Tarzan seems to be the ignored stepchild amongst Disney’s animated titles (talking 80s and 90s), taking a backseat to Beauty and the Beast, The Lion King, Aladdin or The Little Mermaid but it’s a fun and finely animated flick with some good voice casting and incredible sequences.
Genre(s): Animated, Adventure
Disney | G – 88 min. – $29.99 | August 12, 2014
Disney’s adaptation of Edgar Rice Burroughs’ story begins deep within the jungle when baby Tarzan is adopted by a family of gorillas. But his “Two Worlds” collide with the arrival of humans, forcing Tarzan (voiced by TONY GOLDWYN) to choose between a “civilized” life with the beautiful Jane (MINNIE DRIVER) and the life he shares with his fun-loving friends (including ROSIE O’DONNELL) and his gorilla family (mother voiced by GLENN CLOSE).
QUICK HIT REVIEW — 4.0/5
This animated movie, released in 1999, while not exactly classic Disney in the same vein as Beauty and the Beast or The Lion King, is still a strong outing with some touching moments, even dark ones, and the voice casting from Tony Goldwyn to Minnie Driver and finally Glenn Close are all impeccable and inspiring choices, especially the scenes between Tarzan and his gorilla mother. The animation itself is also quite impressive including a few POV shots as Tarzan zips through the jungles attempting to escape predators or saving Jane.
Another highlight are the plethora of songs written and performed by Phil Collins, the most memorable being “You’ll Be in My Heart” which Collins took home the movie’s one and only Academy Award nomination (he also received a Golden Globe as well).
SPECIAL FEATURES – 2.5/5
This release comes with an embossed slip cover. Inside the case contains a DVD Copy and a redemption code for the Digital Copy.
Audio Commentary – Directors Chris Buck and Kevin Lima & Producer Bonnie Arnold sit down for a light-hearted track providing some behind-the-scenes info on the animation process as well as the story.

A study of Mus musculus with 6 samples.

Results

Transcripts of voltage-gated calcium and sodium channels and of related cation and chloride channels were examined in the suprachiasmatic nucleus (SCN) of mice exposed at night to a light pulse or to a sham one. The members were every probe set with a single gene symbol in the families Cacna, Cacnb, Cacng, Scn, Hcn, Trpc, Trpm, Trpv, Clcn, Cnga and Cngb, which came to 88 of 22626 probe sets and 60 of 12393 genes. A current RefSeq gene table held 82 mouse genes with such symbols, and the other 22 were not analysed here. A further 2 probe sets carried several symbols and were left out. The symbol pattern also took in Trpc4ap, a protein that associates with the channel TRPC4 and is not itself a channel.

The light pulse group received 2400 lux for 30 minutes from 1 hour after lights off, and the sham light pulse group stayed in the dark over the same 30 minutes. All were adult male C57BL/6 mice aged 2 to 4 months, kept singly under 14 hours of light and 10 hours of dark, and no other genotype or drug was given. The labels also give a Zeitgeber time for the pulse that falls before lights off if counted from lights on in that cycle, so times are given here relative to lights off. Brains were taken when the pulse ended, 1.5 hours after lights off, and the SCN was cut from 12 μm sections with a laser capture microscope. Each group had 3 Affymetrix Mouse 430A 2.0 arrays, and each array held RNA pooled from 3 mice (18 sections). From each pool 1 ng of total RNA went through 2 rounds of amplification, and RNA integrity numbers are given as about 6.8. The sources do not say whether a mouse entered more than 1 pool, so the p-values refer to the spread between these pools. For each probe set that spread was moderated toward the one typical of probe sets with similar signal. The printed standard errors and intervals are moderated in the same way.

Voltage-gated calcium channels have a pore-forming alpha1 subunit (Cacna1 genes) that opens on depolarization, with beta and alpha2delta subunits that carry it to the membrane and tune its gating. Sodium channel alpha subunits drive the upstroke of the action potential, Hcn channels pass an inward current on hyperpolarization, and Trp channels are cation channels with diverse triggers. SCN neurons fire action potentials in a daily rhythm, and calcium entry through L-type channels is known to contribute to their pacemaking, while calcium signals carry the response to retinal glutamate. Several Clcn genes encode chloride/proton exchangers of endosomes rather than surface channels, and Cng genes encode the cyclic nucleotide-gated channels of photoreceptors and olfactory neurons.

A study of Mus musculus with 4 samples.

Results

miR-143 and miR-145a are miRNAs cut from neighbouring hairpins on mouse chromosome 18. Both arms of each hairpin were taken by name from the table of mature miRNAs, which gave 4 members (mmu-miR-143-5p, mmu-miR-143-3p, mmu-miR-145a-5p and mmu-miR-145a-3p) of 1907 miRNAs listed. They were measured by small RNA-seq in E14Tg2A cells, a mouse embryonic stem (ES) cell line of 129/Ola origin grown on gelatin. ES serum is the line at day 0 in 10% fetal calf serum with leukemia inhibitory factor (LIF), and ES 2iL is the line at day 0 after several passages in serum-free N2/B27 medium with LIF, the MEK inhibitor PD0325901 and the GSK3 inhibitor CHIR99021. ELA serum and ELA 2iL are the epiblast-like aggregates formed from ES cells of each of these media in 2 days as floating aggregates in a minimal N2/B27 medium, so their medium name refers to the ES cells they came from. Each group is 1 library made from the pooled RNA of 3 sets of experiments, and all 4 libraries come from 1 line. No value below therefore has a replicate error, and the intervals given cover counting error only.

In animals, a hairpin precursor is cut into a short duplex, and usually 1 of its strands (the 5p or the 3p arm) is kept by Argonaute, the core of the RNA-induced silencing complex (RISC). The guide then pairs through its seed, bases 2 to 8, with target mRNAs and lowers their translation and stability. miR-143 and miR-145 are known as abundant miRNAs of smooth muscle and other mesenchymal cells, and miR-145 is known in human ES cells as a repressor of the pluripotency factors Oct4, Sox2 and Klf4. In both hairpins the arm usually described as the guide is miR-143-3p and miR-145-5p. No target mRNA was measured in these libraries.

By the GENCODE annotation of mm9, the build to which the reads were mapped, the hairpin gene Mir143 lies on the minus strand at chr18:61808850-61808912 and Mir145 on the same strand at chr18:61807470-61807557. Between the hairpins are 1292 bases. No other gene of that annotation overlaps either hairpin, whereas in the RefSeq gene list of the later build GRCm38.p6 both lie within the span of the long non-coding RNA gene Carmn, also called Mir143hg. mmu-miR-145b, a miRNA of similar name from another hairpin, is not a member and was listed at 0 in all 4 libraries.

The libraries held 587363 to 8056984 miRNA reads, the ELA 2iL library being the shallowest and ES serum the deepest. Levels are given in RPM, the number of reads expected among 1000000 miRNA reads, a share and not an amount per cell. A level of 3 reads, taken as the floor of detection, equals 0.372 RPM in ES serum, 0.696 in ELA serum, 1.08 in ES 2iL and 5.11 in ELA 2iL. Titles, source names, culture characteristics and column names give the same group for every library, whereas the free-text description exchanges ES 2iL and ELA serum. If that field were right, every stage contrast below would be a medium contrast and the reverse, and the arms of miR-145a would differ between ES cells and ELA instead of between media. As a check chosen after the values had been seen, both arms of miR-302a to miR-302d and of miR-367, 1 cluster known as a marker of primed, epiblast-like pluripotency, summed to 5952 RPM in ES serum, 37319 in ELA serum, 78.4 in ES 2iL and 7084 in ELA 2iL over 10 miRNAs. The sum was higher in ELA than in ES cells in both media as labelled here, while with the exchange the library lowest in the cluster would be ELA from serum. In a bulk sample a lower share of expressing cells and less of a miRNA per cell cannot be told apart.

Deleted Scenes (9:56) contains three scenes, including an alternate opening, that were removed and never fully animated.
Under Backstage Disney are: History and Development (7:37) chronicling how the project came to be; The Characters of Tarzan (TRT 23:07) outlining the assembled voice cast and animation style; Animation Production (TRT 9:54) looks at how some of the scenery was created and even shows the animation progression; Story and Editorial (TRT 6:36) examines the storyboards.
Also included are three Theatrical Trailers.
VIDEO – 4.25/5
Swinging onto Blu-ray in this “Special Edition” form, Tarzan looks impeccable on Blu-ray showcasing, in 1080p high-definition, strong and vibrant colors, no immediate or obvious signs of over sharpening, a criticism on some of Disney’s animated releases, and good contrast never appearing to be pumped up. There are some bouts of aliasing so not the perfect transfer, but on the whole not a bad transfer.
AUDIO – 4.5/5
Also coming through quite well is the 5.1 DTS-HD Master Audio track where every element from the dialogue to ambient noises show nice depth; but where the lossless track comes to life is with Phil Collins’ songs, evenly blaring through each channel. It’s an excellent HD track and well worth the upgrade.
OVERALL – 4.0/5
Overall, Tarzan seems to be the ignored stepchild amongst Disney’s animated titles (talking 80s and 90s), taking a backseat to Beauty and the Beast, The Lion King, Aladdin or The Little Mermaid but it’s a fun and finely animated flick with some good voice casting and incredible sequences, especially the first-person view shots. The Blu-ray released by Buena Vista offers up amazing audio/video transfers and the features, albeit nothing new, is decent enough.